As I was preparing for my webinar entitled “Save Big Dollars in Legal Fees & Settlement Costs by Implementing a Criminal Background Screening Policy”, I came across a very well written and informative article entitled “You Wanna Background Check Me? Well, Be Careful Where You Look…”. The authors of the article, Cindy Hanson and Kali Wilson Beyah comment on the increase in lawsuits brought to the EEOC (U.S. Equal Employment Opportunity Commission) in the past 7 years (in 2007 there were 304 cases filed regarding employment selection procedures; compare that to just 100 cases filed in 2003).
In essence, the issue stems from the fact that a high number of job applicants, the majority of which are minorities, are being disqualified from employment for either having a reportable criminal record or for having poor credit history. This information is legally reportable to employers when they request a pre-employment background check on applicants.
One reason employers may be facing additional EEOC complaints is that their background screening policy (if they even have one in place!) is too broad in its interpretation of “disqualifying information”; some employers are disqualifying applicants solely due to a criminal conviction record. For example, a hypothetical company’s background screening policy could state, “any applicant who is arrested for a crime will not be considered for employment with our organization.” This statement could be considered too vague by EEOC standards. The article also discusses the idea that employers should perhaps consider other factors or parameters when a criminal conviction record is found before disqualifying an applicant.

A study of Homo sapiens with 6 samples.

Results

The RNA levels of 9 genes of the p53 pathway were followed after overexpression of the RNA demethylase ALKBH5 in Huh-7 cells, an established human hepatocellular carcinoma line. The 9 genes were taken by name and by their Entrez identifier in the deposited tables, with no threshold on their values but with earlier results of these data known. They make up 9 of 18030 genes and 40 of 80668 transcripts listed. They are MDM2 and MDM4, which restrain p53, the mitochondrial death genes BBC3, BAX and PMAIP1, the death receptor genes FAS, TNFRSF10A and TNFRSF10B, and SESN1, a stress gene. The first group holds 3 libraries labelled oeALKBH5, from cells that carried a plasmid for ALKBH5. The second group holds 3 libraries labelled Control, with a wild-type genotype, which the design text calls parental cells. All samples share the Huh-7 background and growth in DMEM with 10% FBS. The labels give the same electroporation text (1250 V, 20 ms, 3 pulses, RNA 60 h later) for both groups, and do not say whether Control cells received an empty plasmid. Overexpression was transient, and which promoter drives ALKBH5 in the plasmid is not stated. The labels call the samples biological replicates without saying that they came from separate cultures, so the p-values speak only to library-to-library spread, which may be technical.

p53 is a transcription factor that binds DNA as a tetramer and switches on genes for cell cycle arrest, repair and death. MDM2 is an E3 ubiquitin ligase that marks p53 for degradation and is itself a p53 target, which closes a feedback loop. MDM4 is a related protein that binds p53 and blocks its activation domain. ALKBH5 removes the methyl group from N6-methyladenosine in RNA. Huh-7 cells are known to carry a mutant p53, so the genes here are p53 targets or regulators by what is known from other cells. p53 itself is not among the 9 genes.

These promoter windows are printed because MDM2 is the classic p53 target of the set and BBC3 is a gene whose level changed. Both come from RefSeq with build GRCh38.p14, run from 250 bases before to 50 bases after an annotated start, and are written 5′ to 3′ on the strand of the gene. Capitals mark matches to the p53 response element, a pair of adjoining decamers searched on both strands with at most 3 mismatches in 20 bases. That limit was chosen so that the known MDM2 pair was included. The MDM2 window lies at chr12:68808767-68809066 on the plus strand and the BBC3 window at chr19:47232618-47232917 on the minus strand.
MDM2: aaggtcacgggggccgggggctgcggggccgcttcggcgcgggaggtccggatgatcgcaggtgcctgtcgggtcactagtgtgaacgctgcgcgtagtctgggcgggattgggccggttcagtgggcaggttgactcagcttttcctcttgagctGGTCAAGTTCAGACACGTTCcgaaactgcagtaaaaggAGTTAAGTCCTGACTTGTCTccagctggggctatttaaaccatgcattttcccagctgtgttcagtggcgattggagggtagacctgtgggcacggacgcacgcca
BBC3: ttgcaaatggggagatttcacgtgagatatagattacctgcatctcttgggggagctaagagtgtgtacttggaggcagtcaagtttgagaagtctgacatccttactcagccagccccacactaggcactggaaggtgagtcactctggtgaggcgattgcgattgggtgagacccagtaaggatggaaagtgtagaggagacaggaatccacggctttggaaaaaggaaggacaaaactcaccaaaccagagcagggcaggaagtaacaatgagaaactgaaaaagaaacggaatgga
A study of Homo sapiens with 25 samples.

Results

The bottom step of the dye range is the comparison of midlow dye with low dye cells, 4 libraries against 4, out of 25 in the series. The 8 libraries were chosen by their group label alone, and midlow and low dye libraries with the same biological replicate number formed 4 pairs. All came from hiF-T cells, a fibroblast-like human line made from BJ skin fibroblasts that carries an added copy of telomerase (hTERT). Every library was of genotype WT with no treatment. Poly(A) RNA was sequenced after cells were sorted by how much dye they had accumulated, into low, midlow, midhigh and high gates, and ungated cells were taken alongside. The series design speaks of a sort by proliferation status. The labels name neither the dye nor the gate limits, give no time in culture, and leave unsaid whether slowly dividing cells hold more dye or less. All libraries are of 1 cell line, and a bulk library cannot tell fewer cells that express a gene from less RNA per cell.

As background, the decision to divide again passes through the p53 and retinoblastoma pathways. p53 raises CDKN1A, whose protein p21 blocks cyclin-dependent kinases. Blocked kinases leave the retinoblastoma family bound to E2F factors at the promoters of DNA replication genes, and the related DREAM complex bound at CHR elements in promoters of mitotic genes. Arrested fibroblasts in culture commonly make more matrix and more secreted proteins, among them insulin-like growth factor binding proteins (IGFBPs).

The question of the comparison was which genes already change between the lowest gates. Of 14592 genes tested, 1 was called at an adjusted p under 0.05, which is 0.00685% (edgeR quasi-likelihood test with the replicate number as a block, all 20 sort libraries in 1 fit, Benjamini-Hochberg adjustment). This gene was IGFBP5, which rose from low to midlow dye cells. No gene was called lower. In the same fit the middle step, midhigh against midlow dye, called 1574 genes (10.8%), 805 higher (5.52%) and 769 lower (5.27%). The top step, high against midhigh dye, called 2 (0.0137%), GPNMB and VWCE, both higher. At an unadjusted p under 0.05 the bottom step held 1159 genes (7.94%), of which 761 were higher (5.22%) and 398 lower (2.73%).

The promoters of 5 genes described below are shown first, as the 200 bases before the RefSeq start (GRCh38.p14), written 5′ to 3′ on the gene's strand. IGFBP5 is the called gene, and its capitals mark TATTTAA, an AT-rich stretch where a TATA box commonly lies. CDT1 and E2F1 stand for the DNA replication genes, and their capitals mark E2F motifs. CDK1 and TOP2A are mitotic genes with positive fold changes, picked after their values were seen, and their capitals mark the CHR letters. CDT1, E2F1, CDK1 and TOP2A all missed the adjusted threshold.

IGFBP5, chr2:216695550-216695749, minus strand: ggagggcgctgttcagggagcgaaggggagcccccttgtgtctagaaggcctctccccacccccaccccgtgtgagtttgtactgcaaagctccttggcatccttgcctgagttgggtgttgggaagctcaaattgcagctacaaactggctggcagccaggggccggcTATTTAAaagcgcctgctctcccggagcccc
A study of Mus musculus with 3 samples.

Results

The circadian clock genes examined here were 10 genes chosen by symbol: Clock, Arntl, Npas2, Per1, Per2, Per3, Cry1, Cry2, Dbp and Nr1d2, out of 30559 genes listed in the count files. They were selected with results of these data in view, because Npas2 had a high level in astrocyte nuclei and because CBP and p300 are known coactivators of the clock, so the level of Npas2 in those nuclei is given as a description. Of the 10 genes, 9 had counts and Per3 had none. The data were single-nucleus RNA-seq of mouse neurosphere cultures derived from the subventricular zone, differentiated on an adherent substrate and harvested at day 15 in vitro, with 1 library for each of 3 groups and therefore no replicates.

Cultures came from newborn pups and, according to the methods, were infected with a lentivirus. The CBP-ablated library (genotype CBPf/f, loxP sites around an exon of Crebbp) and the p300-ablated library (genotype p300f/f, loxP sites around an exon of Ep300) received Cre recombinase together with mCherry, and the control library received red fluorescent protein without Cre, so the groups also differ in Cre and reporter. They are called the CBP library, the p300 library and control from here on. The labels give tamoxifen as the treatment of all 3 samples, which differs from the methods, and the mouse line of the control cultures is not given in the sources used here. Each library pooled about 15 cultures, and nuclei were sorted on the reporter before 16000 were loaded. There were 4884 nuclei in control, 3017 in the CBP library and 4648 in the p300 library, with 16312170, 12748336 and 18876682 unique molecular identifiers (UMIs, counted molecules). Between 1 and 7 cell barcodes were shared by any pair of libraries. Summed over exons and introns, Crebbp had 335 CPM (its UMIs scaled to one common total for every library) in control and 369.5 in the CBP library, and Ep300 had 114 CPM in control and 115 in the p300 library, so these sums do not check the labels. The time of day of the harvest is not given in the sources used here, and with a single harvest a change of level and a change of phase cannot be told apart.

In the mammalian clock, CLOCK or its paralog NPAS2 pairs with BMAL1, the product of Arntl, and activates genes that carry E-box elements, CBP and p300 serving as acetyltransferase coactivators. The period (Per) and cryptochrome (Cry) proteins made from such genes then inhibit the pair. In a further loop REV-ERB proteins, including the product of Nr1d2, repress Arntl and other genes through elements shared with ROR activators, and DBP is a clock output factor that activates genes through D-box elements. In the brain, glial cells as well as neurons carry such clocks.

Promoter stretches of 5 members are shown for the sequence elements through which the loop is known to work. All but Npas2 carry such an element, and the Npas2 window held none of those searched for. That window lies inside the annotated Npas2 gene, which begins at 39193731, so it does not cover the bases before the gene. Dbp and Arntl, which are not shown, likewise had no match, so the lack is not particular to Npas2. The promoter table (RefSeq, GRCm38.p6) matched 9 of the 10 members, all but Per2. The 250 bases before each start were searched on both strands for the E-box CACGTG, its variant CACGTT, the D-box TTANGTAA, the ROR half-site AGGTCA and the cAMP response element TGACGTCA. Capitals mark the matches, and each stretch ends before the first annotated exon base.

For example, was the applicant actually convicted of the crime or were the charges dismissed? An arrest record is much different than a conviction (a judge or jury found the subject guilty of the crime or they pled guilty); one good example of why arrest records shouldn’t be reported if they don’t result in a conviction is cases of mistaken identity. Occasionally, the police arrest someone and later determine they weren’t the actual suspect in question. Charges aren’t filed with the courts, but the arrest record will always exist.
Make sure that the applicant was actually convicted of the crime before making an educated employment decision. Another issue to consider is what type of crime did they commit? Was it violent or drug related? Was it a misdemeanor or felony? The majority of background screening policies state that ANY felony conviction reported is grounds for disqualification from employment consideration. By that rationale, would an applicant still be considered for employment if they were convicted of a misdemeanor? What if the original charge was a felony and the defendant pled down to a misdemeanor? How about a misdemeanor case that is amended to an infraction charge?
One of the most important issues for employers to consider is whether the crime is relevant to the position being sought by the applicant. For example, an employer looking to hire for a delivery driver position should be very wary of applicants with a Driving Under the Influence (DUI) conviction, but may not be as concerned with other less-relevant convictions.
Due to the current economic state and record high un-employment rate, employers everywhere are seeing their applicant pool increase exponentially. The job market has never been more competitive then it is now. As a corollary, employers need to protect themselves by implementing an effective but non-discriminatory background screening policy. Employers need to ensure that their employment background screening policies are as specific as possible, especially regarding criminal record and credit report searches. With that said, I want to close with a very important point made by the authors of the article, Hanson and Beyah:
When used as a part of a holistic approach to evaluating whether an individual meets the criteria required to fill an employment position, background checks can help an employer make better decisions. But if not tailored to specific job positions and used as part of a plan designed to guard against disparate impact discrimination, background checks can lead an unwitting employer to violate federal antidiscrimination laws. In light of the EEOC’s commitment to rooting out discriminatory use of background checks, it is very important that employers give significant thought to their use of background checks and have constructed job-related justifications for the practices and criteria used.
You can read the original article from Law.com.